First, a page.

The latter stems from the buddy-cop formula that has proven popular, especially lately. It’s a predictable mismatch: The 50-year-old veteran (Danny Glover) draws duty with a young pistol (Mel Gibson) who’s had suicidal tendencies since the death of his wife.
Gibson’s a hotshot, given to recklessness on duty (in these movies, this is almost always qualified by someone saying, “But hey, he’s a good cop”). When he confronts a guy threatening to commit suicide by jumping off a rooftop, Gibson claps the cuffs on the bewildered man and takes the jump—onto the huge air cushion in the street below. Glover, a family man, goes by the book and doesn’t like to unholster his gun. The last thing he wants is a livewire beside him.
Got the picture? You and a million other screenwriters.
The only new wrinkle is Gibson’s self-destructiveness, but the film generally backs away from this, and keeps to a jokey style even as bodies are dropping up, down, and sideways. (The plot is something about murderous ex-CIA men importing heroin from Southeast Asia.)
The effective, and frequently enjoyable, muscularity comes from the chemistry between Glover and Gibson, plus director Richard Donner’s aggressive feel for action. You can be perfectly aware from scene to scene that the thing doesn’t make any sense, but Donner’s energetic forward motion carries it from one charged situation to the next. (He tried the same tack in The Goonies, but that film was just too unpleasant to begin with.)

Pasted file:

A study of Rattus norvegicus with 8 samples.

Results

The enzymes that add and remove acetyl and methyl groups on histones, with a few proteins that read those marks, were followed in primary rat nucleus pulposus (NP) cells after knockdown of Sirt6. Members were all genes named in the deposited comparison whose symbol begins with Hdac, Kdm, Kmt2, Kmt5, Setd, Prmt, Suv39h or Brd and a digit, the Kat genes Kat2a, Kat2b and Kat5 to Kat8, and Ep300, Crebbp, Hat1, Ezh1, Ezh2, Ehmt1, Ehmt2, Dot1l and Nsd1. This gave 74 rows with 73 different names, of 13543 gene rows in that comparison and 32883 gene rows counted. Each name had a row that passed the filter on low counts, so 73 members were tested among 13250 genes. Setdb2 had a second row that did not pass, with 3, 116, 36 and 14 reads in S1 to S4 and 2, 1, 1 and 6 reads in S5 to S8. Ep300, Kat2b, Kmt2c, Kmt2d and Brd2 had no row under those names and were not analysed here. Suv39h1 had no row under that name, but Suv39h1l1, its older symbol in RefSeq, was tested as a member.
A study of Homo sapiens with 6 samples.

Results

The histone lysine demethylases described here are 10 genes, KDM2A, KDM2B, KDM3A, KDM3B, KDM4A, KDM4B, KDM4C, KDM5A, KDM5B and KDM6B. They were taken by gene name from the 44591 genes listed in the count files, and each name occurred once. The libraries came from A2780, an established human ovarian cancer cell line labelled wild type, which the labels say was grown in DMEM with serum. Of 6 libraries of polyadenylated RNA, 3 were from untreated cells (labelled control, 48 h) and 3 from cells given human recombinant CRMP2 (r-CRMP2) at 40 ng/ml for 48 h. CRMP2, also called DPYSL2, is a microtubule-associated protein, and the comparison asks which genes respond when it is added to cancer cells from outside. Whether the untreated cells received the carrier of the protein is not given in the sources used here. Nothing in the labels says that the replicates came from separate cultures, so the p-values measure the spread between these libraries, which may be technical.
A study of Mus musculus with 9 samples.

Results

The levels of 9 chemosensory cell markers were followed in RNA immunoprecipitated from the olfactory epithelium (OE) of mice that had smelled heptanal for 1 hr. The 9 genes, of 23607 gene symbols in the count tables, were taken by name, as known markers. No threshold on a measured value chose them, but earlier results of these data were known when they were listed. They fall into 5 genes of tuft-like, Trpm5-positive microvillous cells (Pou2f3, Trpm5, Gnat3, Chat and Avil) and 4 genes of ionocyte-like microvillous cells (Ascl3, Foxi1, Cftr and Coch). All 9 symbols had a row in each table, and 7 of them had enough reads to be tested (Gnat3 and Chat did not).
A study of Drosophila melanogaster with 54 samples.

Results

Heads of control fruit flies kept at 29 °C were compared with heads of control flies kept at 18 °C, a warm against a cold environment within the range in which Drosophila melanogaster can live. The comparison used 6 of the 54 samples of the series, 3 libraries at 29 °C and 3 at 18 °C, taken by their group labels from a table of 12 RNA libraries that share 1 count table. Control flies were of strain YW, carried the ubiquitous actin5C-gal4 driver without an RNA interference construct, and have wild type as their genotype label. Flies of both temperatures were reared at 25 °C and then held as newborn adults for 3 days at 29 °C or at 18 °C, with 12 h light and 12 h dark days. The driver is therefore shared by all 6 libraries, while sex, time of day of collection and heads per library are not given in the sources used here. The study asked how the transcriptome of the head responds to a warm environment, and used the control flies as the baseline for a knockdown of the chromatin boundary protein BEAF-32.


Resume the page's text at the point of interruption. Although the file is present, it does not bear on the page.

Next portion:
He’s loaded the movie with detestable villains—notably a trimmed-down, platinum-haired Gary Busey—and some incredible hardware. Naturally, the villains and the hardware come together in an extended bloodletting climax, and they all get blown up good. In fact, Lethal Weapon may set some sort of record for the phenomenon of wasting every single villain by the time it’s over.
All of these things, assembled and weighed like a fine machine, make for an effective package. It’s sure to be a hit, and there’s already industry talk of a sequel. But there’s also something cold about its slickness, as though it were just a bit too well-oiled for its own good.
First published in the Herald, March 5, 1987
Yes, the buddy-cop movie was already worn out by the time the first Lethal Weapon movie opened. And indeed it was a big hit—there was no missing its appeal—and it launched not only one of the signature franchises of the time but dozens of knock-offs. I have never revisited any of the LW pictures, and I’m all right with that.